Imagine a field of red tulips.  If you’d prefer, make it a field of yellow tulips.  In your mind’s eye, see those tulips of a single color for as far as you can see.  Then, imagine there’s one white tulip in your field of red.  Or, see a purple tulip in your field of yellow.  Long thought to be the perfect flower, tulip folklore tells of growers planting one bulb of another color to prove the field was planted by man who isn't perfect. 

Many of us seek perfection every single day.  We don’t plant that extra bulb in our lives.  We don’t allow for the purple amongst the yellows or the white amongst the reds.  Instead, we wear the mantle of perfection, seeking to “have it all” and do it right. 

It’s a hallmark of today’s life.  We pack our lives with work and family and a load of commitments.  At the same time, we won’t settle for anything less than doing it all perfectly.  That’s the challenge.  Without a staff, without a team of helpers and assistants, it’s never easy to take on a heavy load of commitments and expect perfection. 

Taking on an extreme load can lead to an imbalanced life.  While we can manage an extreme and imbalanced load for a time, maybe a year or two, often there’s a point when one or more of the commitments suffers from our depleted energy.  

Where do we get this inclination to over-commit and then expect perfection?  Often, it comes from fiction.  That’s right, we see movies and television shows, we read books and magazines, all loaded with stories that glamorize extreme commitment making it seem possible.  It’s easy to absorb the message and expect extreme perfection of ourselves.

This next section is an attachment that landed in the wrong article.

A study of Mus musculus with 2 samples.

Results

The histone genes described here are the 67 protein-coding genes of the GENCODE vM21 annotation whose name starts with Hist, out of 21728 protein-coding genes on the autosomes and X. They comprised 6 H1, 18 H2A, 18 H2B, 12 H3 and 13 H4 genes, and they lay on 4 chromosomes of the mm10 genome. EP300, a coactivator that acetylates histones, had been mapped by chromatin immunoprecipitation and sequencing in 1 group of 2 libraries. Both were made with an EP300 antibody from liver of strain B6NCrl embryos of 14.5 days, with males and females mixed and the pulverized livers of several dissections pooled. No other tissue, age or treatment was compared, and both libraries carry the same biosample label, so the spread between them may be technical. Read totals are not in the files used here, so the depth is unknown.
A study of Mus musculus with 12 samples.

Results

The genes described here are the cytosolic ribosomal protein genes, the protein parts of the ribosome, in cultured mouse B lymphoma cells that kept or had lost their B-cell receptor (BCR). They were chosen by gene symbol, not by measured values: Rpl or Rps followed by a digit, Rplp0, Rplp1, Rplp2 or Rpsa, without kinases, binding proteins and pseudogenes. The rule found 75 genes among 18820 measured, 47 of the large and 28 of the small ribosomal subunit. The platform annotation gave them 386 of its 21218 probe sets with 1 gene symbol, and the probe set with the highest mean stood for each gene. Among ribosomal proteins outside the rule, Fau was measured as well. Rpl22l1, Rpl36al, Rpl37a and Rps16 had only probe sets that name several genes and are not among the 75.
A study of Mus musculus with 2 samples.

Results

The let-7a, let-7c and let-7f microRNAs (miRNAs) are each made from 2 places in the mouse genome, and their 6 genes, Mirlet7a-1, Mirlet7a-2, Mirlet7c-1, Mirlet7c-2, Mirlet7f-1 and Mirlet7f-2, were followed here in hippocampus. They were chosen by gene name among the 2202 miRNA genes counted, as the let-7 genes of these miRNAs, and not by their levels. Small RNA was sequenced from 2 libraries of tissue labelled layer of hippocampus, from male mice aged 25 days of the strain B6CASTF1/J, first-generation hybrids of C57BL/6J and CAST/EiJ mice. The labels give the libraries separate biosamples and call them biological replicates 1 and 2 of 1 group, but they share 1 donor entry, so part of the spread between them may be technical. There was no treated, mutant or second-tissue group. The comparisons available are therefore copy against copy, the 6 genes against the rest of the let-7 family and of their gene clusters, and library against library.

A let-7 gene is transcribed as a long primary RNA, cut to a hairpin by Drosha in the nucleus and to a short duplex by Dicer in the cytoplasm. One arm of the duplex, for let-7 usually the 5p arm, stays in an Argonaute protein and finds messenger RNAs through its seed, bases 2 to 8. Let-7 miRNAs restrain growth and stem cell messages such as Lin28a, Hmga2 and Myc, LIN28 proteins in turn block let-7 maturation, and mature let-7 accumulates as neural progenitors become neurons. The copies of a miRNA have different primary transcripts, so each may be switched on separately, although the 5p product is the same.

It is also human nature.  We naturally want to do everything well.   Instead of chastising yourself, consider ways to moderate your demands for perfection.  Here are some considerations:

1. Reconsider your life's timing.  If perfection is your preference, emphasize chosen life goals at different stages in your life.  If, for example, you want to have a family and a terrific career, consider gaining strong career experience before you start your family.  Then, reduce your career commitments during your child-raising period, returning to heavier career commitment at a later point.  You’ll find your need for perfection is more easily managed when you aren’t trying to do it all at the same time.

2.  Be certain you value the commitments you’ve taken on.  Many of us are inveterate yes-sayers.  When asked to help out, to lend a hand, it's hard to imagine a response other than yes.  Review your commitments annually.  Hold on to those you value but, if they are consuming more time than you have, find a new or different way to express your commitment.  Weed-out or reduce your engagement in areas where you feel luke-warm.

3. No one knows what you’ve planned.  Your vision of perfection may not be the same as others.  Your expectations may exceed those of many.  Whether they do or not, keep watch on meeting extreme expectations.  At the same time, infuse the commitments you do accept with your personal style.  Your spouse or partner, your children, your family and friends, even your employer understand the essence of you.  If you take one item off your “must do to be perfect list”, it will not change your essence.  Besides, it's likely they won't notice that one item on your mental list of musts is missing – only you knew it was there. 

4. Add the bell-shaped curve to your thinking.  That’s right!  You remember, the bell-shaped curve showing that a tiny number of people are at the “best” and “worst” ends of any question.  Most people, about 96%, will usually fall into the center.  It’s okay to shoot for the upper end without maxing to the extreme of perfection.

5. Remember to take a breath, smile and appreciate the white tulip in your field of perfect red.